Life With A Spirited Child-New Series!
This is the first post in a series of upcoming posts about Life With a Spirited Child. In this series, I plan to cover:
- the characteristics of a spirited child
- rethinking the labels we place on our children
- when spirited kids grow up
- spirited children and medical issues
- how your own temperament affects your interactions with your spirited child
- extrovert or introvert? (hint: a spirited child can be EITHER)
- tips on dealing with each of your spirited child’s characteristics
- trouble spots and the importance of planning ahead (bedtime, mealtime, getting dressed)
It was another flour-all-over-the-downstairs-when-I-turn-my-back-for-one-minute kind of morning. After the flour incident (you’d think we both would have learned our lesson LAST time that happened!) there was the running away and hiding Mommy’s hairbrush while Mommy is yelling “STOP! HALT! FREEZE! BRING IT BACK RIGHT NOW RIGHT NOW!” (Do those words have any effect at your house? They don’t seem to work here.) Putting a plastic bottle cap in his mouth and breathing in deeply. Jumping on Daddy’s head to wake him up (poor, poor Picky Apple…I can’t imagine being woken up like that) and ripping the sheets off Daddy’s toes to hammer on them with a wooden hammer. The need for constant physical contact in the form of bumping, climbing, hitting, head butting (once again, while I was applying eyeliner). The nonstop talking talking talking. The screaming-as-though-being-tortured and limp noodle act making it impossible for me to brush his teeth. And there was also the spitting water all over the coffee table just to see what happens. And that was all before 8:30am.
I’ve got a spirited child.
Some days I handle it better than others.
Today was not one of those days.
Since his dramatic entrance into the world (a story I still haven’t shared here), The Littlest Apple has been marching to the beat of a different (faster, louder) drum. An entire drum line, perhaps. According to The Picky Apple it’s more like Animal from The Muppets.
That’s fairly accurate, I’d say.
Once I realized that The Littlest Apple had his own tune, I felt alone (and I still do occasionally). Being The Littlest Apple’s mother was SO different from the motherhood experience I envisioned. None of my friends kids acted like this. What was wrong with my kid? What was wrong with me? The answer: nothing. He’s just a spirited child. (And it turns out that I’m spirited too! More on that later!)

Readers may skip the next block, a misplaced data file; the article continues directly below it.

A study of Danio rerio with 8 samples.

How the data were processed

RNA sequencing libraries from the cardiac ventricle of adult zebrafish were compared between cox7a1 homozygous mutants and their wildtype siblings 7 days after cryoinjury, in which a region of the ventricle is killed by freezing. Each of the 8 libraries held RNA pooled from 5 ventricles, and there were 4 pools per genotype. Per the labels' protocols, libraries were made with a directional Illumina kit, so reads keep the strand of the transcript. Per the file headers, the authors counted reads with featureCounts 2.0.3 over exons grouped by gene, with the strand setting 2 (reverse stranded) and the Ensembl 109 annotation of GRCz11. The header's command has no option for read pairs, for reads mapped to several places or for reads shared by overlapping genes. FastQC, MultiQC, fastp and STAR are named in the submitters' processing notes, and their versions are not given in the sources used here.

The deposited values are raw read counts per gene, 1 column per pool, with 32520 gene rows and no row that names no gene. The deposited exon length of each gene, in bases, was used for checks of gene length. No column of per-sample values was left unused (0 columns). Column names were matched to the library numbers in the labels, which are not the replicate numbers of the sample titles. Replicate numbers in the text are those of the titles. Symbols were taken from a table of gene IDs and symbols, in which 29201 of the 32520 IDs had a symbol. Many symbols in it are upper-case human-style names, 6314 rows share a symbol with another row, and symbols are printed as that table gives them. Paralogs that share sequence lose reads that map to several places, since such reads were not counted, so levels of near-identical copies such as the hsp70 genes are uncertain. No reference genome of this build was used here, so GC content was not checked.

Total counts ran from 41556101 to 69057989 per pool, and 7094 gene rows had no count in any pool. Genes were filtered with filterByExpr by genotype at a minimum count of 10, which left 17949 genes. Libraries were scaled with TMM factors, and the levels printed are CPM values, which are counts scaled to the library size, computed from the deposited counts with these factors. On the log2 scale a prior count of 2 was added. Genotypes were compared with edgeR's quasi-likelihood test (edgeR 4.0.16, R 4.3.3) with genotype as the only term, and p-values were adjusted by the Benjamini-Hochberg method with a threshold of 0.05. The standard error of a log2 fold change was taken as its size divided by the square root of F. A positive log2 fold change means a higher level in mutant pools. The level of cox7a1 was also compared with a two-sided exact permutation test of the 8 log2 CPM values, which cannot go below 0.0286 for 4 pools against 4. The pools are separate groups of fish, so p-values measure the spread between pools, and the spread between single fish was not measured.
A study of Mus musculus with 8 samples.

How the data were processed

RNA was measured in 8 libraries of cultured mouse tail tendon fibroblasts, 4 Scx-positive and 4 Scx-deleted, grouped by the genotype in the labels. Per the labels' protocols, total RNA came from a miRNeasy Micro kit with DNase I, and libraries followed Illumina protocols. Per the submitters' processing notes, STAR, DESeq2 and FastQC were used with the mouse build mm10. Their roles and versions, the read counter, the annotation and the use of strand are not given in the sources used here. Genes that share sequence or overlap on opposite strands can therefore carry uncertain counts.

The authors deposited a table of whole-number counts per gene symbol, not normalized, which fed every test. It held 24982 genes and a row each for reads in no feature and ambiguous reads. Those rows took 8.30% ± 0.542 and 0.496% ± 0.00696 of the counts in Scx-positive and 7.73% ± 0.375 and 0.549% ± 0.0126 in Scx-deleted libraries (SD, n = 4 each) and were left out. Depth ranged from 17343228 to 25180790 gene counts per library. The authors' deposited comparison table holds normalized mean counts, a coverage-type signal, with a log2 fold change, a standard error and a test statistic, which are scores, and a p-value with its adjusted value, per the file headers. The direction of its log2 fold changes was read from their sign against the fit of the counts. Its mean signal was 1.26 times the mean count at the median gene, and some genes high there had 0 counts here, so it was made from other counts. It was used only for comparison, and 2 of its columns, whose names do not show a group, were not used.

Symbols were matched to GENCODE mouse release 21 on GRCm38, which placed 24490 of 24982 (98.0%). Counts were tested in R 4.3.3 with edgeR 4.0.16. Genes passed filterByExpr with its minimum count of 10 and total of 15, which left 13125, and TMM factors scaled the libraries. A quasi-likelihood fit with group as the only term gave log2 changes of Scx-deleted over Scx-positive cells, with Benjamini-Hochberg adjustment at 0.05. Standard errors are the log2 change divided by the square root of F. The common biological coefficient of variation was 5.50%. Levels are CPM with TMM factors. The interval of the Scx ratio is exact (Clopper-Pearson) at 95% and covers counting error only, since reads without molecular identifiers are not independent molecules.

What does it mean to be a spirited child, anyway?
Well, the main word that defines the spirited child is MORE. Children that are MORE intense, persistent, sensitive, energetic and perceptive. As Mary Sheedy Kurcinka says in her book Raising Your Spirited Child (my most favorite go to resource for parents of spirited children!), “Spirited kids are the Super Ball in a room full of rubber balls. Other kids bounce three feet off the ground. Every bounce for a spirited child hits the ceiling.”
It’s not always that easy to “define” a spirited child, since each of them is unique. In my next post I’ll go in to more detail about the specific characteristics of a spirited child.
Anyone that has spent 5-10 minutes (sometimes less) with The Littlest Apple could easily label him as “spirited.” He’s got energy and enthusiasm and demands attention is such a way that is hard to ignore. (Many kids are spirited in a more introverted way…through their perceptiveness and sensitivities. Those are less obvious to the casual observer.)
Over the weekend, I took The Littlest Apple on a long walk in a stroller to a nearby park. It was a pleasant morning, and there were many people out walking and jogging. The Littlest Apple greeted each and every one of them. But he didn’t just say “hi” or give a little wave. No way. That’s not his style. You see, he was pretending to be a monkey. So he made LOUD monkey noises (or was it barking like a dog? There has been a lot of that lately, too. Either way, it was an animal!) and leaned out of the stroller toward the person and waved enthusiastically with both hands. Over and over and over. He must have done it about 20 times. Some people were charmed and said hi back. And quite a few didn’t know how to react to my NG-tube-wearing monkey boy and moved on as quickly as possible.
Life with a spirited child is never dull!
Being a parent of a spirited child can be awesome or awful, depending on the day. There are some really high highs when your spirited child amazes you with his memory, ability to understand other people’s emotions, creative imagination, attention to detail, and his deep and long lasting affection. But there will also be some dreadful lows when your child is screaming for 45 minutes because you cut his watermelon into bite size pieces instead of giving him a wedge. Or when you have to tell him for the 500th time to get down from the table. Or clean flour up off the floor (AGAIN) because you turned your back for one minute.
Is any of this sounding familiar? I sincerely hope that you’ll stick around to read this series, whether you’ve got a spirited child, were a spirited child yourself, or just want to read more funny anecdotes about MY spirited child. Stay tuned for my post next week on the characteristics of spirited children!
Do you have a spirited child? Were YOU a spirited child?